What is Cold Cutting?

Cold cutting is a procedure for cutting material without using heat. With no sparks produced, the process is the safest method for cutting structures in hazardous environments. Typical industries where cold cutting takes precedence is the oil and gas and petrochemical industry.

Three commonly used types of cold cutting machines are: pipe cold cutting machines (also known as clamshell cutters), cold cutting saws and abrasive waterjet machines.

Cold Cutting Pipe

Modern cold cutting allows for the cutting of piping from under 1in to well over 120in with the option to cut any of the commonly used weld joint bevels to complete the end prep while cutting the pipe. Torch cutting and grinding can produce extremely hazardous conditions in the presence of hydrocarbons while cold cutting, as the name indicates, does not produce any sparks and very little heat making it an inherently safe cutting method. Cold cutting is a highly versatile, precise, and safe method of cutting pipe that allows workers to operate the cutting tool from a safe distance.

Additionally, there is no resulting HAZ (heat-affected zone), which can change the properties of the material.

Cold Cutting Pipe Cold Cutting Pipe (www.hudsonservicesinc.com)

Band Saws and Diamond Wire Saws

Band Saws and Diamond Wire Saws are both used in the oil and gas industries applications. Both tend to be used for decommissioning projects where precision is less important. A large heavy-duty portable bandsaw may be used to cut through cylindrical structures on oil platforms. However, without the use of a coolant, it is likely that sparks will be created, so this is not strictly cold cutting.

Diamond Wire Saw Diamond Wire Saw (blog.enerpac.com)

Diamond Wire Saws are used subsea for cutting through pipelines, piles, and caissons. Instead of a blade, a diamond wire saw uses a beaded rope encrusted with small diamonds on the outside surface. The circular cross-section of the ropes makes them less prone to the problems of compression and jamming sometimes encountered with metal blades. As with the band saw, when used topside (above the water’s surface), it is not a true cold cutting procedure and coolant is required.

Abrasive Water Jet Cutting

Abrasive Water Jet Cold Cutting is another method of cutting on-site structures without using heat. This makes the process well suited to environments where there is a risk of fire or explosion.

How does waterjet cutting work?

Abrasive Waterjet Cutting is essentially an accelerated erosion process. Ultra-high pressure water is fired through a ruby or diamond orifice into a "mixing chamber" which creates a vacuum and draws garnet sand into the water stream. This means waterjet is an extremely powerful and versatile cutting tool, which is used globally for a wide range of waterjet cutting applications.

The process begins at a large electric driven oil pump, which pumps oil at 2750 PSI (190 bar) into a heavy duty intensifier (pressure amplifier) assembly.

  • Inside the intensifier that the pressure is increased from domestic supply pressure 50-60 PSI (3.45 bar-4.15 bar) up to 55,000 PSI (3792 bar). This increase in pressure is achieved due to the greater surface area of the hydraulic piston (20 times the surface area of the water piston) to amplify water pressure to 20 times the pressure of the oil. The ultra high pressure water is then fed via pressure piping into a cutting head.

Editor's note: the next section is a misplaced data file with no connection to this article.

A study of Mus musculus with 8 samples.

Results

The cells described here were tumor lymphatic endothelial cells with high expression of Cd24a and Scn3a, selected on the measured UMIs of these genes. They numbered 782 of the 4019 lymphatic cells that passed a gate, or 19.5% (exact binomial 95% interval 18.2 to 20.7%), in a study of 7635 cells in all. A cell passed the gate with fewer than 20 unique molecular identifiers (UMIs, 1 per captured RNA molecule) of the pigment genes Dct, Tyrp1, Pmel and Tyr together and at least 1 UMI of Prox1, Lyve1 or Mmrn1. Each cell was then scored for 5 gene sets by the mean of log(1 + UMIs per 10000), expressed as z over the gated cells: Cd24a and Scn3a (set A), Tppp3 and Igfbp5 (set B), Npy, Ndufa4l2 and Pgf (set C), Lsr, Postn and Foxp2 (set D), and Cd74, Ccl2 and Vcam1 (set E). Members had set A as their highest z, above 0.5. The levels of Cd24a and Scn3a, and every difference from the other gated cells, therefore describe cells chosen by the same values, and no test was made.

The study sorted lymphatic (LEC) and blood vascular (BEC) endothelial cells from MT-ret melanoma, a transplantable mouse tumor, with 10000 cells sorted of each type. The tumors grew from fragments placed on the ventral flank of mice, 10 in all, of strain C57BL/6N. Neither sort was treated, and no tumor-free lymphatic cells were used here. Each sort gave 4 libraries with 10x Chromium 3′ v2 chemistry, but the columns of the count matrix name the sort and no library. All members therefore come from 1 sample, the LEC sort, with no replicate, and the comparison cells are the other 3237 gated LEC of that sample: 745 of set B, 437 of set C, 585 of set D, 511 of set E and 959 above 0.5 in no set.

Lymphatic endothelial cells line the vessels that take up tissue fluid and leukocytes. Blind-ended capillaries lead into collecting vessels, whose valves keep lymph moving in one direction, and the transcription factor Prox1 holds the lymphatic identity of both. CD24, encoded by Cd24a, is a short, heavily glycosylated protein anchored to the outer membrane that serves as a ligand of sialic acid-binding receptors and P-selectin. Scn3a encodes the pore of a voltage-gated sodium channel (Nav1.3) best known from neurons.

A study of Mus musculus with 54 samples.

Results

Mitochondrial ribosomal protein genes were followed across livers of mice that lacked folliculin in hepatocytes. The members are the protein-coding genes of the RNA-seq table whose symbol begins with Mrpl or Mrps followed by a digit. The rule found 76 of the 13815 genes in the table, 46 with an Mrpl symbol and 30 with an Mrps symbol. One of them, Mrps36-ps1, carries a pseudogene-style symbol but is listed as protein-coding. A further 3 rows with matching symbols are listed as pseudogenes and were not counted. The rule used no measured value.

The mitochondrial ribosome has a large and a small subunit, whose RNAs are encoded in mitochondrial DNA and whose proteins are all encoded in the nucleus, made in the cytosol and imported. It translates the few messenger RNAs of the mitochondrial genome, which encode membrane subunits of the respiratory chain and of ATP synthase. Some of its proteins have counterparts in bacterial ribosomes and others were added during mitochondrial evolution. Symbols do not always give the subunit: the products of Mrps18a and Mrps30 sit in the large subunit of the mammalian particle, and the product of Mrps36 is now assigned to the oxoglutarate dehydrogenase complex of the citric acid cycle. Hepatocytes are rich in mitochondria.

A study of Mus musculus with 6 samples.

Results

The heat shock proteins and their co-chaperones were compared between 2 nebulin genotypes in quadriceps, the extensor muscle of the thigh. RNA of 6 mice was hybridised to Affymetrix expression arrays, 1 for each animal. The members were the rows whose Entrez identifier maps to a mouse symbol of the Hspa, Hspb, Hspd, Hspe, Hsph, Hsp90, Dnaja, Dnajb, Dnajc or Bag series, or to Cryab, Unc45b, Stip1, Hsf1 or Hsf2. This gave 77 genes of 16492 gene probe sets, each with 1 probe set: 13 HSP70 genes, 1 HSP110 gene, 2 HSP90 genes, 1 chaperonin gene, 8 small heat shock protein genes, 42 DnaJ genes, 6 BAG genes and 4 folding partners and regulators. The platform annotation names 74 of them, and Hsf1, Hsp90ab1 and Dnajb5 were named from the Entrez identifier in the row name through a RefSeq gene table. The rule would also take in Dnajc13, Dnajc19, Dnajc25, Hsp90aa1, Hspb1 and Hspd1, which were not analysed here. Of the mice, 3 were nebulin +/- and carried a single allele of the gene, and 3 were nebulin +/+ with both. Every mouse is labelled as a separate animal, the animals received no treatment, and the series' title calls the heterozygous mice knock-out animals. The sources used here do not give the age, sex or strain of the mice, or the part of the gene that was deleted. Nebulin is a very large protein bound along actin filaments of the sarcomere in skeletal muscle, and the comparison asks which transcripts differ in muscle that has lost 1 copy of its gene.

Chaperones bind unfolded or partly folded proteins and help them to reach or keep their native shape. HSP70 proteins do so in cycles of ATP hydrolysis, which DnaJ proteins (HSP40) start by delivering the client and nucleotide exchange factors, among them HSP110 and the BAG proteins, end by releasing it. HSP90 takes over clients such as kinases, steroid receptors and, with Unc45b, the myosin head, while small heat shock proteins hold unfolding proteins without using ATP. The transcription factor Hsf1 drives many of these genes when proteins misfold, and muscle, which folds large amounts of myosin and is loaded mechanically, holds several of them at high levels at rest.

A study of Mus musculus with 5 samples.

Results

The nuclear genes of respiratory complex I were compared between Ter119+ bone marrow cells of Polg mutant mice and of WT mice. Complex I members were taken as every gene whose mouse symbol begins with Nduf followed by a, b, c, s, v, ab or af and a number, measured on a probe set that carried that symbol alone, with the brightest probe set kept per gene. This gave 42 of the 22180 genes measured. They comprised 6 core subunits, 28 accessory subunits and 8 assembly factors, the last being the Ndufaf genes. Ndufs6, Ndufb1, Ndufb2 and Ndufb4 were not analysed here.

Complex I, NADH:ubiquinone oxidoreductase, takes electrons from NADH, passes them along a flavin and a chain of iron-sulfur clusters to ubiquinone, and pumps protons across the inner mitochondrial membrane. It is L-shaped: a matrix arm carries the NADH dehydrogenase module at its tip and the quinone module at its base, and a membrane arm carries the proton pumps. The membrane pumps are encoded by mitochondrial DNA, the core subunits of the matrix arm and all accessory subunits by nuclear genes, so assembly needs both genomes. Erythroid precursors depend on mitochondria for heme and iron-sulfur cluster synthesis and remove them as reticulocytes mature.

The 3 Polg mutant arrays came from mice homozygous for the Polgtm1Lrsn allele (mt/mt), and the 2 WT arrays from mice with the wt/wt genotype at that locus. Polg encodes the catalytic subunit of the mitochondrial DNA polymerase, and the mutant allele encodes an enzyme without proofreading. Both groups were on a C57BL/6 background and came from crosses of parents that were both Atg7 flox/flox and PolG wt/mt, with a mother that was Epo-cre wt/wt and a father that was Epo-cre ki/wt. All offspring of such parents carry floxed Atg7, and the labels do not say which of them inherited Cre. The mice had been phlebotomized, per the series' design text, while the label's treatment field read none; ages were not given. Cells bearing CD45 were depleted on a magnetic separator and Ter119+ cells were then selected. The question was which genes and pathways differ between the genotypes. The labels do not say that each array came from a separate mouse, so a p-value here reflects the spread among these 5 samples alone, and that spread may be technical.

• At the cutting head, the stream of high pressure water is focussed through a ruby, sapphire, or diamond orifice which focusses the water into a fine "needle".
  • The ultra high pressure water is then fired through a mixing chamber where abrasive garnet sand is drawn into the waterstream.
  • The abrasive and water mixture then exits the cutting head through a focussing tube at speeds up to mach 2, thus creating a highly efficient and powerful cutting tool.

Abrasive Water Jet Cutting Abrasive Water Jet Cutting

The procedure will cut through any metal, concrete, or composite material. Example on-site applications include cutting apertures into vessels, storage tanks, or cutting large diameter pipework.

For cutting pipework, abrasive water jet cutting is less convenient than using a clamshell cutter, as the wastewater product needs to be dealt with. There is also the risk of causing damage to surrounding materials and coatings. However, this can be minimized by attaching a sacrificial plate to deflect any unwanted spray of the abrasive fluid.

Abrasive water jet cutting can cut very thick materials such as 150mm concrete slab and 100mm thick iron plate. The downside is that with greater thickness comes less accuracy. The further the nozzle is away from the point of contact the more likely the jet will cut diagonally and inconsistently.

Difference between pure water cutting and abrasive water cutting

Pure water (non-abrasive waterjet) cutting technology is primarily used for cutting soft materials such as rubber, foam, gaskets, leather, textiles and food. Water is pressurised to ultra-high pressure levels and forced through a small ruby, sapphire or diamond orifice to form an intense cutting stream. The jet stream moves at a velocity of up to 2.5 times the speed of sound, creating the ability to cut at very high feed rates, creating a very effective and powerful precision cutting tool.

Abrasive waterjet cutting: For hard materials that cannot be cut with water only, the water nozzle is replaced with an abrasive cutting head. The high velocity water stream creates a vacuum which draws the abrasive into a mixing chamber, producing a coherent, powerful abrasive jet stream. This process is ideal for cutting any material in sheet or slab form including mild and stainless steel, aluminium, sheetmetal, composites, decorative stone, synthetic ceramics and glass.